Tennessee Journalism Hall of Fame ceremony honors legacies of 9 posthumous inductees


Former Murfreesboro Mayor Tommy Bragg was humbled and delighted to accept the awards for his late father and grandfather during the Class of 2015 induction ceremony for the Tennessee Journalism Hall of Fame.

The two generations of publishers -- former state Rep. John Bragg and his father Minor Elam Bragg -- were among nine posthumous inductees to be honored at this year's ceremony, held Tuesday afternoon at the Embassy Suites Hotel and Conference Center in Murfreesboro, Tennessee.

So perhaps it was fitting that two more generations of Braggs -- Tommy and his adult children John III and Beth -- attended the occasion to recognize their ancestors' legacy. Minor Bragg and John Bragg left their marks on journalism through the elder's creation and stewardship of the Cannon Courier and Rutherford Courier and the younger's work to develop the state's open meetings laws as a state lawmaker.


This was the third class of inductees and first in which all recipients were recognized posthumously. The ceremony came in conjunction with the 67th annual Tennessee Association of Broadcasters conference.


Another inductee with a strong local connection was iconic sports journalist Grantland Rice, who was born in Murfreesboro and worked at regional newspapers including The Nashville Tennessean before moving to New York to continue a legendary career as a syndicated columnist.

Accepting the award on his behalf was longtime former Tennessean sports writer and columnist Joe Biddle, who noted that Rice was "ahead of his time" and whose first name dons the masthead of an ESPN-affiliated website today, a testament to his lasting influence.

"I'm honored to even be associated with Grantland Rice," Biddle said. "He put sports writing on the map" during the first half of the 20th century and was often referred to as the dean of sportswriting in America.

The Tennessee Journalism Hall of Fame is an independent partner with MTSU's College of Mass Communication, which houses the hall in its Center for Innovation in Media inside the Bragg Mass Communication Building on the MTSU campus.

Other members of the 2015 class included:

• Kent Flanagan, a native Texan and veteran Associated Press executive who practiced journalism on various platforms. Accepting the award on his behalf was his widow, Janet Flanagan.

• Jack Knox, a nationally recognized editorial cartoonist who practiced his wit and biting commentary in three of the state's four largest cities. Accepting the award on his behalf was his son, Brit Knox.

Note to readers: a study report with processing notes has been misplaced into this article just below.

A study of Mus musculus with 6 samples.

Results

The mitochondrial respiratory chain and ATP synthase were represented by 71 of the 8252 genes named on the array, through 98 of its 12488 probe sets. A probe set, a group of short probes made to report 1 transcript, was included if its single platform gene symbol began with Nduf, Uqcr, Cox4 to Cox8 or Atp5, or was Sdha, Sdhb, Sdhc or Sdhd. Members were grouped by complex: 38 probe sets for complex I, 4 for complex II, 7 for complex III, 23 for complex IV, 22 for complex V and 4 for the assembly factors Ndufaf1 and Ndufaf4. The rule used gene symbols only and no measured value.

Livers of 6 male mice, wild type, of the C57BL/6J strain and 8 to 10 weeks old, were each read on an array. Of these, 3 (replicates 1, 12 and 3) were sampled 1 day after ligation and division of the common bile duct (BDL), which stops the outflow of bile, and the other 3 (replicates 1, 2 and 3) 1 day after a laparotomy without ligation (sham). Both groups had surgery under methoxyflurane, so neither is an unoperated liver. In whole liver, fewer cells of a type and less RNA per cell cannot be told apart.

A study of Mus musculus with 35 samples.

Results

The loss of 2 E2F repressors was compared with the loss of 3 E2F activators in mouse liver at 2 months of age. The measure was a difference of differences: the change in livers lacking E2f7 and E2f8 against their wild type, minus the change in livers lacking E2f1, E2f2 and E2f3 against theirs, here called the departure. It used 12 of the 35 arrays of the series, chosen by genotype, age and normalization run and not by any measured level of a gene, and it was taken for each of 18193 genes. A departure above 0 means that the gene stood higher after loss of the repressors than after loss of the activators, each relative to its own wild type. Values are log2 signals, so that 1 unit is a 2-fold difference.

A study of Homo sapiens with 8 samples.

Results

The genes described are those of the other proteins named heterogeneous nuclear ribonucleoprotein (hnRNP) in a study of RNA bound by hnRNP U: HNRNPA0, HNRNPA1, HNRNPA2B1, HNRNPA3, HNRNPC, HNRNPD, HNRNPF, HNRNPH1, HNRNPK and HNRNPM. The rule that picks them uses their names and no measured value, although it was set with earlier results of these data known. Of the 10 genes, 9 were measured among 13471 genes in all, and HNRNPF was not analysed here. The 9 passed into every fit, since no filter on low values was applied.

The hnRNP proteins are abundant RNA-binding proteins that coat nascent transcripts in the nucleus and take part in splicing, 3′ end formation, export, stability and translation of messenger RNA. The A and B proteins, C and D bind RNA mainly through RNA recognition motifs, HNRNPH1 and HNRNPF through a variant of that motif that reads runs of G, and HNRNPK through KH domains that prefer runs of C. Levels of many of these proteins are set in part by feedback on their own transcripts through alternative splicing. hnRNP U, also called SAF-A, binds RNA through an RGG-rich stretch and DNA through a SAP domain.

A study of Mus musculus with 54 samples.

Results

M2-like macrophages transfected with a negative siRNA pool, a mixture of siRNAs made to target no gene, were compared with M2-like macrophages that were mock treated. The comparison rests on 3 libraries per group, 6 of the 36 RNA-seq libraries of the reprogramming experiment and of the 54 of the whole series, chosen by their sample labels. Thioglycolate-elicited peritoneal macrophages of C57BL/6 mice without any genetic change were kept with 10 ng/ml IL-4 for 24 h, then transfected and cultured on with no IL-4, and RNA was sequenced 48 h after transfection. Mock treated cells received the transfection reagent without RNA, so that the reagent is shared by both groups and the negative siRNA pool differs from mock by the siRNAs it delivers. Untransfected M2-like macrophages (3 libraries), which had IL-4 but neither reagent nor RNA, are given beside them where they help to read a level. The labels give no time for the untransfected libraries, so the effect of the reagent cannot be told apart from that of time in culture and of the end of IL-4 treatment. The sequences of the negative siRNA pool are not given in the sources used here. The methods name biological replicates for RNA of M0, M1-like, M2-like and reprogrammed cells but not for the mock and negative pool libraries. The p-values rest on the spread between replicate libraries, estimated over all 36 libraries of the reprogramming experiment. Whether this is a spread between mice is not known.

• Roy McDonald, whose bigger-city publishing career traces back to an advertising sheet he started to promote his grocery business in Chattanooga. Accepting the ward on his behalf was his grandson, Roy McDonald Exum.

• Bob Parkins, a small-town dairyman who grew his rural West Tennessee newspaper from scratch through merger. Accepting the ward on his behalf was his son, Victor Parkins, and widow, Dorris Parkins.

• John N. Popham III, a native Virginian who landed in Tennessee to cover the South and civil rights for The New York Times and stayed. Accepting the ward on his behalf was his son, John Popham IV.

• Drue Smith, a trailblazing woman who started in newspapers before switching to become a respected and colorful broadcast political reporter. Accepting the ward on her behalf was her daughter, Drucilla Smith Fuller.

Hall of Fame inductees can include reporters, writers, editors, publishers, news directors and other managers, as well as those who have excelled in advertising or public relations and journalism, advertising and PR education.

The Hall of Fame's bylaws note that its inductees represent "those who have made significant and substantial contributions to the journalism profession." Honorees may be living or deceased, native Tennesseans who spent much of their career in state or out of state, or non-natives who spent a substantial part of their career in Tennessee.

For more information about the Tennessee Journalism Hall of Fame, visit its website at http://www.tnjournalismhof.org or contact Hooper Penuel, TJHOF secretary, at 615-347-1672.